About 60 works, including books, stories, films and screenplays by, for or about members of The Church of Jesus Christ of Latter-day Saints, have been named finalists across a dozen categories for Association for Mormon Letters awards.

The religious nonfiction category is new this year to highlight scholarly works, not including historical or biographical studies. Also, the awards for criticism, poetry and short stories include works published in both 2013 and 2014, and awards for both years will be presented for poetry and short stories.

In the creative nonfiction category, the finalists are “To the Mountain: One Mormon Woman’s Search for Spirit” by Phyllis Barber; “Hemingway on a Bike” by Eric Freeze; “Way Below the Angels: The Pretty Clearly Troubled by Not Even Close to Tragic Confessions of a Real Live Mormon Missionary” by Craig Harline; and “Hippie Boy: A Girl’s Story” by Ingrid Ricks.

Finalists in the criticism category for both 2013 and 2014 include “Ender’s World: Fresh Perspectives on the SF Classic Ender’s Game edited by Orson Scott Card; “Of Many Hearts and Many Minds: The Mormon Novel and the Post-Utopian Challenge of Assimilation” by Scott Hales; and “Toward a Mormon Literary Theory” by Jack Harrell.

In the drama category, the finalists include “The Weaver of Raveloe” by Erica Glenn and Melissa Leilani Larson; “Pride and Prejudice” by Melissa Leilani Larson; “Single Wide” by George Nelson and Jordan Kamalu; and “Evening Eucalyptus” by Mahonri Stewart.

Finalists in the film category are “Inspired Guns” directed by Adam White; “The Last Straw” directed by Rob Diamond; “Meet The Mormons” directed by Blair Treu; “Mitt” directed by Greg Whiteley; and “Saints and Soldiers: The Void” directed by Ryan Little.

For the best middle grade novel, the finalists are “The Scandalous Sisterhood of Prickwillow Place” by Julie Berry; “Almost Super” by Marion Jensen;
 “Time of the Fireflies” by Kimberley Griffiths Little; “Sky Raiders” by Brandon Mull; and “The End or Something Like That” by Anne Dee Ellis.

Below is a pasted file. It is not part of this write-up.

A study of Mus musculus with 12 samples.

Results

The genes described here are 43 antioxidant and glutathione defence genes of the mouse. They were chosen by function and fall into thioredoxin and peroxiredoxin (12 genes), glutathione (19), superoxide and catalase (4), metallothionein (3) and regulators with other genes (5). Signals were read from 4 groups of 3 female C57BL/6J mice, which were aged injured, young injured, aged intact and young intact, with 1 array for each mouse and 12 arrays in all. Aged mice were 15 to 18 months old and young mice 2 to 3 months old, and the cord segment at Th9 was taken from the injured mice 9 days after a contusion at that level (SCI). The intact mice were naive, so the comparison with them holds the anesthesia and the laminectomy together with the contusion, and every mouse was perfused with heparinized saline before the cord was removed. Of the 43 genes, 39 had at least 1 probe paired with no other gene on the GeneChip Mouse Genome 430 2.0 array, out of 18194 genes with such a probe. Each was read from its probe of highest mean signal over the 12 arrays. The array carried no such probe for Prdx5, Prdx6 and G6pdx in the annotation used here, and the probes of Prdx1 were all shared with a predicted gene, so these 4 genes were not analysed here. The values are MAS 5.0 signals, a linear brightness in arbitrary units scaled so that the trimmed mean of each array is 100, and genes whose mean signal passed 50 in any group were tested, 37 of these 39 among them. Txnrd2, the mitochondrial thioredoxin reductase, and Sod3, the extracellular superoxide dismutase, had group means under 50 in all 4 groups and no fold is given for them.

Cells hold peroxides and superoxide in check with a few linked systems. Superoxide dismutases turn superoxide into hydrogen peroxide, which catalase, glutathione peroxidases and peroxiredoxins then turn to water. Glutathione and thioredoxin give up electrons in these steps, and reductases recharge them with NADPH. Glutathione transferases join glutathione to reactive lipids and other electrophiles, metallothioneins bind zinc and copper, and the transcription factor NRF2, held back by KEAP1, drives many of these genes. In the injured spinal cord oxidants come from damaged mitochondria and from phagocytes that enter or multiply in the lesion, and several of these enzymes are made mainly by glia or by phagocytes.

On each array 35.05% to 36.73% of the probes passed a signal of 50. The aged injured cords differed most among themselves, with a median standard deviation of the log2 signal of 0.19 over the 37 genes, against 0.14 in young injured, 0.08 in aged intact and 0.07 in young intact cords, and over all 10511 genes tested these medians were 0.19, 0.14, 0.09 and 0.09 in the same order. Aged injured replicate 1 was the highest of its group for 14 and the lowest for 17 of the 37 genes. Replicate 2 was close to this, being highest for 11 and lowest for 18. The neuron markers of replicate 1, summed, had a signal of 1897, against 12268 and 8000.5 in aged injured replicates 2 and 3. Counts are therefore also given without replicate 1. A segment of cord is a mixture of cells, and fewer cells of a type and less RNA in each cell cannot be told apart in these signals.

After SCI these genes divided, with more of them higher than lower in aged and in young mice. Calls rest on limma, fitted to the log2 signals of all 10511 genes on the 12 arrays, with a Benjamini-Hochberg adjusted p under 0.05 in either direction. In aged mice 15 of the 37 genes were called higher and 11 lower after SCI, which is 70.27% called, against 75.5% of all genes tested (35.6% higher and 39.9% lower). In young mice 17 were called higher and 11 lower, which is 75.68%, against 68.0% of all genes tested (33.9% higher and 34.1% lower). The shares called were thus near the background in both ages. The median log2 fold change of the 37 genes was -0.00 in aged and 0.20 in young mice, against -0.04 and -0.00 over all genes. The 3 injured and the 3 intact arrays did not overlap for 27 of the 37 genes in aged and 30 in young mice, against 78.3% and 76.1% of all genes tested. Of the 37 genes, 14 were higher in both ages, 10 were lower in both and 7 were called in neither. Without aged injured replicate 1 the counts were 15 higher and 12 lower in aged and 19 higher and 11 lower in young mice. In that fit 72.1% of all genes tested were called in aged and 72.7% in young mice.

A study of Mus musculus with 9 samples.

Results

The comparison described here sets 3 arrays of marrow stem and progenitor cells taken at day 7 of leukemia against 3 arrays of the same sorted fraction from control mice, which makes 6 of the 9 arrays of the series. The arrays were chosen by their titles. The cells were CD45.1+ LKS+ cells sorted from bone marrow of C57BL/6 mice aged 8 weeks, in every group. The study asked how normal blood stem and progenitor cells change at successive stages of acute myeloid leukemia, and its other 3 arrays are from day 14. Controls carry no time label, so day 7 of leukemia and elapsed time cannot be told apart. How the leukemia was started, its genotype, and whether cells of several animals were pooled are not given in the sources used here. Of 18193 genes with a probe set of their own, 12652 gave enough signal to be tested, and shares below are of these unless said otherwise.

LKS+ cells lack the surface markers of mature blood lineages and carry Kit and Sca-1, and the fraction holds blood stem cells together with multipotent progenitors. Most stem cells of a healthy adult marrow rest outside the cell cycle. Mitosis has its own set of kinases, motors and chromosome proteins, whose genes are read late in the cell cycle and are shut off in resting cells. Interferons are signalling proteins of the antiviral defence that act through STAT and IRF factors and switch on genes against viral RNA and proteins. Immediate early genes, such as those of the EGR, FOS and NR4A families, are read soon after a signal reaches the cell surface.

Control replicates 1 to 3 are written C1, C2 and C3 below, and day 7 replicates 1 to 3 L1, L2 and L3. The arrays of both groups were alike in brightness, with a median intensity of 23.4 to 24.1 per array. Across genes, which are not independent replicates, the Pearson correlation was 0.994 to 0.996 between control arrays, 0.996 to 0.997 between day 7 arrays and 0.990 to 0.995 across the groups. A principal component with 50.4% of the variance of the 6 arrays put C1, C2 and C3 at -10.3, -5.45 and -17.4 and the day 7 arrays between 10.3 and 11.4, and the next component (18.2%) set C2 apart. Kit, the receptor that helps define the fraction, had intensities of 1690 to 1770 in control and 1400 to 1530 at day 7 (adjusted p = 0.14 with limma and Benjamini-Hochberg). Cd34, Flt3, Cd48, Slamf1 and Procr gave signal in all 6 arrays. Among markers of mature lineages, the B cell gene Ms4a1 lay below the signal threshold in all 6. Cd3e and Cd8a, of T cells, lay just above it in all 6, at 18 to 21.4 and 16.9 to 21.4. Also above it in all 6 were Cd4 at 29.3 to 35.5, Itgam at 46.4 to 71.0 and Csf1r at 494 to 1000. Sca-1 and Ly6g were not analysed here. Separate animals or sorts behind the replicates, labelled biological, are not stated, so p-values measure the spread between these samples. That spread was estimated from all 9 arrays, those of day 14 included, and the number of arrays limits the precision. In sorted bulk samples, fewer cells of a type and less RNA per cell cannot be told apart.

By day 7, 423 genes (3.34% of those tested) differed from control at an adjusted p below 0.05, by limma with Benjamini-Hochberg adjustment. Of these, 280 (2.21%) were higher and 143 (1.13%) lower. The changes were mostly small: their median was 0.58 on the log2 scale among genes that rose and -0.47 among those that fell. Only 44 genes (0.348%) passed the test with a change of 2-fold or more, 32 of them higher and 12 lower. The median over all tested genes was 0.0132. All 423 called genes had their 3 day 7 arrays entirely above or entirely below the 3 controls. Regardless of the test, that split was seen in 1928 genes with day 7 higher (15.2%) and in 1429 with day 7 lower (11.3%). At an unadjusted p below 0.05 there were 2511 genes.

Finalists in the novel category are “A Song for Issy Bradley” by Carys Bray; “The Bishop’s Wife” by Mette Ivie Harrison; “Words of Radiance” by Brandon Sanderson; “The Thieves of Summer” by Linda Sillitoe; and “City of Brick and Shadow” by Tim Wirkus.

In the picture book category, the finalists are “The Princess in Black” by Shannon and Dean Hale, illustrated by LeUyen Pham; “Girls Who Choose God: Stories of Courageous Women from the Bible,” by McArthur Krishna and Bethany Brady Spalding, illustrated by Kathleen Peterson; “Fetch” by Adam Glendon Sidwell, illustrated by Edwin Rhemrev; “The World According to Musk Ox,” by Erin Cabatingan, illustrated by Matthew Myers; and “The Tooth Fairy Wars” by Kate Coombs, illustrated by Jake Parker.

For poetry published in 2013, the finalists are “sonosuono” by Alex Caldiero; “Salt” by Susan Elizabeth Howe; and “Genius Loci” by Lance Larsen. For poetry published in 2014, the finalists include “Picture Dictionary” by Kristen Eliason; “Uncommon Prayer” and “Made Flesh: Sacrament and Poetics in Post-Reformation England” by Kimberly Johnson; and “In the Museum of Coming and Going” by Laura Stott.

Finalists for religious nonfiction are “Re-Reading Job” by Michael Austin; “Seeking the Promised Land” by David Campbell, John Green and Quin Monson; and “Wrestling the Angel” by Terryl Givens.

For short stories published in 2013, the finalists are “The Chaplain’s Legacy” by Brad Torgersen; “The Righteous Road” by Ryan Shoemaker; “Expiation” by Richard Dutcher; “Duplex” by Eric Freeze; and “The Gift of Tongues” by Annette Haws. For short stories published in 2014, the finalists are “Recollection” by Nancy Fulda; “Two-Dog Dose” by Steven Peck; “Anatomy” by Tim Wirkus; and “Jesus Enough” by Levi S. Peterson.

Finalists in the young adult general novel category are “Death Coming up the Hill” by Chris Crowe; “Forbidden” by Kimberley Griffiths Little; “On the Fence” by Kasie West; “Signed, Sky Harper” by Carol Lynch Williams; and “Stronger Than You Know” by Jolene Perry.

In the young adult speculative novel category, the finalists are “Atlantia” by Ally Condie; “The Paper Magician” by Charlie Holmberg; “The Unhappening of Genesis Lee” by Shallee McArthur; “Ruins” by Dan Wells; and “Illusions of Fate” by Kiersten White.

Winners for each category, an award for comics and the Smith-Pettit Foundation Award for Outstanding Contribution to Mormon Letters will be announced at the Introduction to the Mormon Lit conference, which is tentatively scheduled for March 28 in Orem. Judges determined the finalists and winners, according to blog.mormonletters.org

Also, the Association of Mormon Letters has a tradition of not honoring a writer in the same category for two years in a row, which is why works by last year’s category winners Melissa Dalton-Bradford in creative nonfiction for “Global Mom,” Scott Hales for his comic strip “The Garden of Enid,” Sarah Eden in the novel category for “Longing for Home,” and Cindy Hogan, who won in the young adult fiction category for “Gravediggers,” were not considered for certain categories this year, according to information on blog.mormonletters.org.

Also honored last year were Dean Hughes with a Lifetime Achievement Award, Charlotte Hawkins England with the Smith-Pettit Foundation Award for Outstanding Contribution to Mormon Letters Award, Garret Batty in the film category for “The Saratov Approach,” Brandon Sanderson in the young adult speculative fiction category for “The Rithmatist” and Ariel Mitch for her play, “A Second Birth,” according to blog.mormonletters.org

The AML Awards have been awarded since 1977.